OVERCOATS

WORDS: NICOLE STANTON

IMAGE: ANI ACOPIAN

Twice she told me we were looking for an object – something whole to put in the top left corner. JJ was right, of course, oozing an effortless creativity. She held up our collage, whiskey on the floor among clippings from our now deconstructed college bedrooms. We had chosen a woman running a race on a Russian post card. We cut her in half, and pasted her right-side: head thrown back, outlined in teal, the small object, an apple we finally found, was only ever meant to highlight her. A week later I have the left half of that woman, shoved in a notebook in my backpack stuffed in an overhead bin. To my right is a plane wing and storm clouds drowning seventy-seven Texas counties and I’m here, above the ground, avoiding disaster, “The Fog” playing in my one working ear bud. 


Freedom is when I’m with out you, when the fog lifts, I’m the only one I see.

I watched them write a song once. Hana and I walked into JJ and a friend, Angus, toying with sounds. JJ played what she had so far, something she had written the night before. The same night we had cut a woman in half and pasted her. The night she had fled a party, pulling a thread of sound from her swimming head. Sirens wailed from her computer. Angus plucked chords on his guitar: “This is what you’re looking for.” Hana sat, asking JJ what it was about.  She imagined screams trapped in throats, trying to shout and scream at a friend refusing to listen. "Watching her sleep is wild, head sunk into folded limbs, having so much to say but only feeling your words burn in your throat." In three sentences JJ had Hana on board, the way in which they understand and move together is viscous – sometimes a bit derpy, other times so sultry, always in sync.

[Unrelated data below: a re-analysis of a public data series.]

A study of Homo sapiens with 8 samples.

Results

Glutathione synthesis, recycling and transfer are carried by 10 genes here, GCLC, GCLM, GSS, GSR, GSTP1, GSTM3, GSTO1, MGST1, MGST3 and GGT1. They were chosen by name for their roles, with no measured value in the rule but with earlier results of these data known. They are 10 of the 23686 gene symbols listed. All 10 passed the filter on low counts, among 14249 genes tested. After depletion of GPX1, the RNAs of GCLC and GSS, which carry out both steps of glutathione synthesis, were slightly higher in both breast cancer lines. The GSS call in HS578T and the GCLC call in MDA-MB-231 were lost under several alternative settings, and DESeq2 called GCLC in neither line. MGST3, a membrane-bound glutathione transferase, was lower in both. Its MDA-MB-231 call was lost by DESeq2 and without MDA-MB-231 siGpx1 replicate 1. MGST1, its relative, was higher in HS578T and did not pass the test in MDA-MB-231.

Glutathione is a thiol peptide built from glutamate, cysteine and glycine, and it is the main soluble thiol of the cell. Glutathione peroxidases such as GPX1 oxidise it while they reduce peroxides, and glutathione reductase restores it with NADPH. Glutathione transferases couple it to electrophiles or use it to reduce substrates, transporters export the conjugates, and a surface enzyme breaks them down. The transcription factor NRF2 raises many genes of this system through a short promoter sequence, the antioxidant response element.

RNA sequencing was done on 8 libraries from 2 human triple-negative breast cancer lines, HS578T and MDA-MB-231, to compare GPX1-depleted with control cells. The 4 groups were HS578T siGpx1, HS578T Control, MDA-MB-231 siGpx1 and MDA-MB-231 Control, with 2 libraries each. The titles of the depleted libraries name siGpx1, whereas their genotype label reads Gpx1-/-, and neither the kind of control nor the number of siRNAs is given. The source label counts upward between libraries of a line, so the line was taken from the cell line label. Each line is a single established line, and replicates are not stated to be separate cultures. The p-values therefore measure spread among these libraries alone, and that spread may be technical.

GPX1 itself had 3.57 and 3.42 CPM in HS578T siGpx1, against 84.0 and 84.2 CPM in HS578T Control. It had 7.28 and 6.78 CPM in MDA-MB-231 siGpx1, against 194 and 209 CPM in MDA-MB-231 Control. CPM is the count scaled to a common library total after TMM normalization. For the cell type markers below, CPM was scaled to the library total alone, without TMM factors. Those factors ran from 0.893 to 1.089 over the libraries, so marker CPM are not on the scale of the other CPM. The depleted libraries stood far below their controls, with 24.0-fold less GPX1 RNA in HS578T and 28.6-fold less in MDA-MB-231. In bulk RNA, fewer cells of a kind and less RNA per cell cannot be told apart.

Overcoats is a project birthed from two absorbent, sensitive souls, who make music deeply personal and eternally relatable.  The most thrilling part of their music, the layers of sound that move in and out of one another, is that it originates from a sleeping friend, seeing an ex with someone else – then a room full of friends making sounds out of someone’s feeling.

Hana Elion and JJ Mitchell are a gift, on their own and as a duo. They are now leaving their college community where they found their roots to go to Dublin, taking their music outside of living rooms and onto continually bigger stages. What will be thrilling to observe, and to hear, is the sounds of their new community, of new people imagining what it is to watch a friend sleep.